Is Omega 3 Demand Killing Antarctic Life

Is Omega 3 Demand Killing Antarctic Life

Omega Oil Supplements are some of the most popular today found on the shelves of health food stores. Full of omega three and omega six, these oils are no longer looked at as fats to avoid, as we have realized oils have a pivotal role in health is in regulating inflammatory responses and cell membrane function. We now know we need these good oils in our diets to be healthy!

While there are plant-based sources, much of the supplementation you will find on the shelves is in the form of fish oil, with one million tons being produced every year from fish such as cod, sardine and more recently the new favorite of the health industry is krill oil.

Over the last five years, the annual krill catch has jumped from just more than 100,000 tons to several million tons per year because with new technologies they can literally vacuum them up from the Antarctic Ocean at unprecedented rates.

Krill is a tiny crustacean, like a shrimp, and it forms part of the plankton level in our oceans. It can be hard to get emotionally moved to save such an “unlovable” species — but its survival is imperative to the survival of the entire ecosystem of the Southern Ocean. As a keystone species at the bottom of the food chain, huge numbers of other Antarctic species — whether they eat krill or not — are directly or indirectly affected by how abundant krill are.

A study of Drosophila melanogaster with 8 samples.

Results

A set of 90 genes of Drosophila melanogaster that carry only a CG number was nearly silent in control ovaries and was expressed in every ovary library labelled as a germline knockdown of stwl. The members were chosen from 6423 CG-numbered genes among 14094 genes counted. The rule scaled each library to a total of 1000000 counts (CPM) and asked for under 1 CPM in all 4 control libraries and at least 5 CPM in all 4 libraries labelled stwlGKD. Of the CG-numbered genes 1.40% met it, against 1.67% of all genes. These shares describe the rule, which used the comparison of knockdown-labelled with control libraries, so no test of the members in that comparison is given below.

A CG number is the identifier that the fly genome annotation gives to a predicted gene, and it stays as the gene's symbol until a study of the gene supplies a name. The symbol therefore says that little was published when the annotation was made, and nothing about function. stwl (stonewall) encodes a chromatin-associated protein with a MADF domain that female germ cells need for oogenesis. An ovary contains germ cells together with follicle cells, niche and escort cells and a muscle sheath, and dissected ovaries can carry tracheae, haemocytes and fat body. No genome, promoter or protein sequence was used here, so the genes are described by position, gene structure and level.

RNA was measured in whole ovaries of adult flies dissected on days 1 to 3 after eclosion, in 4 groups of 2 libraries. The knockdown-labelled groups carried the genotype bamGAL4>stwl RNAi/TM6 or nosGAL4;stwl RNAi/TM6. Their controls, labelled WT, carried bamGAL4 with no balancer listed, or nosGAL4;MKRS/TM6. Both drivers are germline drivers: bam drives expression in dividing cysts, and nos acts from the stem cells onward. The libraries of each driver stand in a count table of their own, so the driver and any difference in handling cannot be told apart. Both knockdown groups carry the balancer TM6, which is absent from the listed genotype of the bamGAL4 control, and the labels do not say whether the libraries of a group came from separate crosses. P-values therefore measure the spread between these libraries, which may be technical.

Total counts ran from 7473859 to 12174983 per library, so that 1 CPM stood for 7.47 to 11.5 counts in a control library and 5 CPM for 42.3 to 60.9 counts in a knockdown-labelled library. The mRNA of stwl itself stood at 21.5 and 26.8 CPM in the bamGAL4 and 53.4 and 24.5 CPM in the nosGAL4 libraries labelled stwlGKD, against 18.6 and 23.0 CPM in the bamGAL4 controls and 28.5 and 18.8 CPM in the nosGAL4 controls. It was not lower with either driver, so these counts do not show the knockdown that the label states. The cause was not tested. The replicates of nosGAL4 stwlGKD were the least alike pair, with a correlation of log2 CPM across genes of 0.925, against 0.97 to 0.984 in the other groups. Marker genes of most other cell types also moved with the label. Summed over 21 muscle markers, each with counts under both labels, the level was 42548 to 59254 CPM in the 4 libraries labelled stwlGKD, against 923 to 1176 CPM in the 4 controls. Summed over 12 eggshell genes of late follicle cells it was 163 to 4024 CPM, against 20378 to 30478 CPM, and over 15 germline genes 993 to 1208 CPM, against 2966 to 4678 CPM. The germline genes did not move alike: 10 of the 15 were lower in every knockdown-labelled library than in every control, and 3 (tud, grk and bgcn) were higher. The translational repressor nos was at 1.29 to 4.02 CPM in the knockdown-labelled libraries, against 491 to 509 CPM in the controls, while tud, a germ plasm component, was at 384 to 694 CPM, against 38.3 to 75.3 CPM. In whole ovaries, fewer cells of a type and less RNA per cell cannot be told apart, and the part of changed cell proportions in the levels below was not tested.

The Southern Ocean mammals and seabirds that many more people can connect with and do want to protect, who are directly relying on krill for food include whales, seals, albatross, and penguins. If we overfish krill, we put them at risk too. It is a very serious question you need to ask yourself next time you are popping your krill oil supplement; is it worth risking the seals for? Is it worth risking the penguins and whales for?

Even though many health companies do attempt to make sure they obtain the krill in from “sustainable” companies, the existing data on krill abundance, reproduction, and population variables are limited as it is a relatively new industry. And, unfortunately, when we look at other fisheries that do have historical data to work with, the consistent trend is still overfishing to the point of near or total collapse of fishing stocks.

These Antarctic animals are already vulnerable to climate change as polar regions are suffering first and the fastest with temperatures rising 2.5 degrees Celsius in the last 50 years and sea ice cover rapidly dwindling around the Antarctic Peninsula. Adding extra pressure by fishing out ginormous amounts of the very basis of the food web is a seriously crazy move.